What’s Hot? Constructing and Managing Outdoor Stages

The Scott Outdoor Amphitheater of Swarthmore College.

My consultancy colleagues and I are working on four amphitheater projects right now. One is a feasibility study for an amphitheater inside a sculpture park. The second is a strategic plan for an existing amphitheater. Another is a needs assessment for an outdoor facility on the Pacific Coast. The final project involves helping a city in Florida recruit an outside operator for an existing amphitheater. Given all of this, it would seem to be a good time to address some of the issues and trends facing outdoor performance facilities, outlining four trends and how we are seeing them play out.

The Outdoor Experience

The advantage of outdoor facilities is that they are…outdoors. Attending an al fresco experience is an opportunity to commune with nature — even when under an awning, in a comfy chair, with a cup-holder.

One of my favorite outdoor theater experiences was at Sundance, where they have hosted an annual summer musical (on and off) for decades. I last went some years ago to see Gypsy. We made the hour-long drive from Salt Lake City, pulling up the long and winding dirt road to the resort. We parked the car and hiked the ski hill’s bottom portion, arriving at the amphitheater. There was a simple, uncovered stage, and seating in a semi-circular series of stone and grass terraces. We spread out on a terrace and enjoyed our picnic, wine and beer included, while there was still daylight until the performance began. The temperature dropped rapidly after the sun went down, so we all wrapped in our sleeping bags by the second act. And when the show was over, we packed everything up, stumbled back down the hill and made the long drive home.

It was a wonderful event. The show was great but the real key was that the experience was an adventure. For many people who live in the region, attending an “adventure” has become an annual family tradition.

People want limited barriers to cultural participation. I would contend, however, that the idea of an arts adventure is exactly what a lot of younger people are looking for. They are less interested in traditions; they are definitely looking for participatory missions to accomplish. So let’s give them more.


The other great thing about outdoor facilities is that they can be built for less and sustained for still even less. There is little need for full-time staff, less general overhead, and minimal ongoing costs, save some landscaping. Outdoor facility operators are under less pressure to constantly program, allowing them to be more selective and prudent with how these spaces come to life.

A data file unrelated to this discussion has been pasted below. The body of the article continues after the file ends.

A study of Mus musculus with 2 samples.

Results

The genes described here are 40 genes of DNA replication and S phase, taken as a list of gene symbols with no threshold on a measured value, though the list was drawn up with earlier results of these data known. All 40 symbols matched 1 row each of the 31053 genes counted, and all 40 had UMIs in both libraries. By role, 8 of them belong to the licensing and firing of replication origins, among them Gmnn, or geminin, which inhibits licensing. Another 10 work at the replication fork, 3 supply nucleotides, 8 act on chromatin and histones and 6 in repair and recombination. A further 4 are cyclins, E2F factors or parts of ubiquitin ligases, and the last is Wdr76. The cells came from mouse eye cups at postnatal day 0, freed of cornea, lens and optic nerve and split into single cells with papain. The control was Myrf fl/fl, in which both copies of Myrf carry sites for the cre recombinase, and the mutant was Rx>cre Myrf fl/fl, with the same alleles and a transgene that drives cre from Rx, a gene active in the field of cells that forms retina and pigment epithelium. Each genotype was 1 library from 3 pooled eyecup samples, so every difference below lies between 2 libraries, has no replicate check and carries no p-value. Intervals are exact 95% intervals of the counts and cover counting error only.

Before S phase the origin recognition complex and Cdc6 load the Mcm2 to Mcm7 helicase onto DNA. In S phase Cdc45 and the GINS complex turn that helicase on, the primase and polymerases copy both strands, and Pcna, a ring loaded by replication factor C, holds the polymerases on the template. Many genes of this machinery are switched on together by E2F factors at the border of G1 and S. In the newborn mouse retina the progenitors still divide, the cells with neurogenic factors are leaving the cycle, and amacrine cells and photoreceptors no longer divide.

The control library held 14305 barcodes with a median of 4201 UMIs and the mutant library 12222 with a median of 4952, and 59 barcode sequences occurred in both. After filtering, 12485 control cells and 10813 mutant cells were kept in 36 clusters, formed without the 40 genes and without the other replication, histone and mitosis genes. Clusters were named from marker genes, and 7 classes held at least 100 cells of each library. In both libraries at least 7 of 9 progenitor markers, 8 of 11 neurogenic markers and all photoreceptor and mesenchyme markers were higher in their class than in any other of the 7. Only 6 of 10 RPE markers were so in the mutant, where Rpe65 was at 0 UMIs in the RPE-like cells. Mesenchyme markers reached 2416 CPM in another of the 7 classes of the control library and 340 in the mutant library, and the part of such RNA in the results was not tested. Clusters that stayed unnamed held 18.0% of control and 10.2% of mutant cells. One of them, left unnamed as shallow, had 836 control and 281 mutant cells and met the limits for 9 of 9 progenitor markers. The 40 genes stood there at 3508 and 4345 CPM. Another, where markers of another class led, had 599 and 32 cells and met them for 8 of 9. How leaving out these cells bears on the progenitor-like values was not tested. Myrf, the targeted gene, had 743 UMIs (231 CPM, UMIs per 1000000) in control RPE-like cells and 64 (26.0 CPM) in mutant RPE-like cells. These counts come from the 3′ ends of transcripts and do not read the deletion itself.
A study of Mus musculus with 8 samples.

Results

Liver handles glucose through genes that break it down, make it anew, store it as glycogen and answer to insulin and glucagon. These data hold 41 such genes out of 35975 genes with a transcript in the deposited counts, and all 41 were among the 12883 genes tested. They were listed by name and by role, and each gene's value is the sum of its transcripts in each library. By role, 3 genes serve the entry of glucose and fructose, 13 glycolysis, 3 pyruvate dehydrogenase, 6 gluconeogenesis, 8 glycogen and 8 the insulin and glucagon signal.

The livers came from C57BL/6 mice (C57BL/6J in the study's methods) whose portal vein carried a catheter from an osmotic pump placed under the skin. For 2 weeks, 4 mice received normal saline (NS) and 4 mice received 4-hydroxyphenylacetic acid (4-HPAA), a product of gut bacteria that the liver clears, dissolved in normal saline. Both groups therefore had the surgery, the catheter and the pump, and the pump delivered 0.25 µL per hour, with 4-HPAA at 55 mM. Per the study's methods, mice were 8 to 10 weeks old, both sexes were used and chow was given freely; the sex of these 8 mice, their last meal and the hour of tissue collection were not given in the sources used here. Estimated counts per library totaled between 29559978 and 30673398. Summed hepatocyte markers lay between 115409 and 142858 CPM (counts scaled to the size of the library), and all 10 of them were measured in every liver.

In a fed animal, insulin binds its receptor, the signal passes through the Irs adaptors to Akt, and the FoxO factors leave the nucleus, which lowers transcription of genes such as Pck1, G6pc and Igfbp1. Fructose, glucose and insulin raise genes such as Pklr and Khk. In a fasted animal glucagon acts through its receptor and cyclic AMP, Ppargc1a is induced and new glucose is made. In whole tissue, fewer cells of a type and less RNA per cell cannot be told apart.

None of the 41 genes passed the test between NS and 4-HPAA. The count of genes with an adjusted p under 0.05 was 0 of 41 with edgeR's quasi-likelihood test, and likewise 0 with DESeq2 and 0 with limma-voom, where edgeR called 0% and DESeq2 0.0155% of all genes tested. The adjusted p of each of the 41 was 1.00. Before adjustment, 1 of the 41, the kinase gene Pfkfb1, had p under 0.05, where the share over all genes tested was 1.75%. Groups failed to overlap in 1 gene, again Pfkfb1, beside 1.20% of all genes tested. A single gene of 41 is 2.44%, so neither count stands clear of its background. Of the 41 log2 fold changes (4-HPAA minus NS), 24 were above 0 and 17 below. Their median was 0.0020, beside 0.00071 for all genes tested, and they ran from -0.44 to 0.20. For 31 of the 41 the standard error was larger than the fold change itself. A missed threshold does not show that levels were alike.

That said, most outdoor facilities are being developed to host large-scale commercial entertainment. The world of touring live entertainment has been changing rapidly over the past 20 years; the last big thing was the emergence of festivals as a way to mitigate the risk of promoting individual artists whose precipitous rises and falls make their performances fraught with danger.

We’re now seeing the end to many of these independent festivals and the increasing dominance of large players, such as LiveNation and AEG. These two companies now control live entertainment in markets all over the country, essentially preventing smaller presenters from accessing talent at different levels. All of this means you’d better not build a large outdoor venue for commercial entertainment unless you have a partner who can guarantee access to a product that your market will find attractive.


The key trend of contemporary outdoor facilities is designing them to be integrated into the landscape, having a visual appeal that goes beyond being a performance structure. We’re observing is a shift away from the large “sheds” of the past 20 years to smaller facilities with both a higher level of design and a desire to minimize the environmental footprint. These are not new ideas but rather a return to older design concepts. One of the treasures in my office is a book on gorgeous amphitheaters, mostly in the American West, that was assembled by landscape architect Linda Jewell.

Our most interesting consulting assignment for an outdoor facility is with a sculpture park thinking about performance opportunities. They have a spectacular site that cannot be compromised by new structures, so we’ve done a lot of thinking about starting with the landscape and then creating facilities that appear and unfold at the site, plus temporary structures that can be moved into location as needed.


More outdoor facilities also host bike rides, marathon runs, flea markets, beer and wine tastings, Fourth of July celebrations, food fairs and all sorts of other gatherings. Some are almost at the level of destination events that attract tourists; others are more local in their orientation. Many have entertainment components, meaning there’s something on the stage — but the event is broader.

The trend is shifting.

In addition, these events often focus less on generating revenue and more on driving economic activity, enhancing quality of life or just plain community-building. This is a great trend, but it does force us to think about facilities that are less about the performer-audience relationship and more about a free-flowing experience in which families, pets, vendors, music and food are mashed together in a very modern way.

Overall, my team suggests that there is a bright future for outdoor performance facilities. But it depends on smart, environmentally conscious design, selling adventures and supporting a much broader range of activities.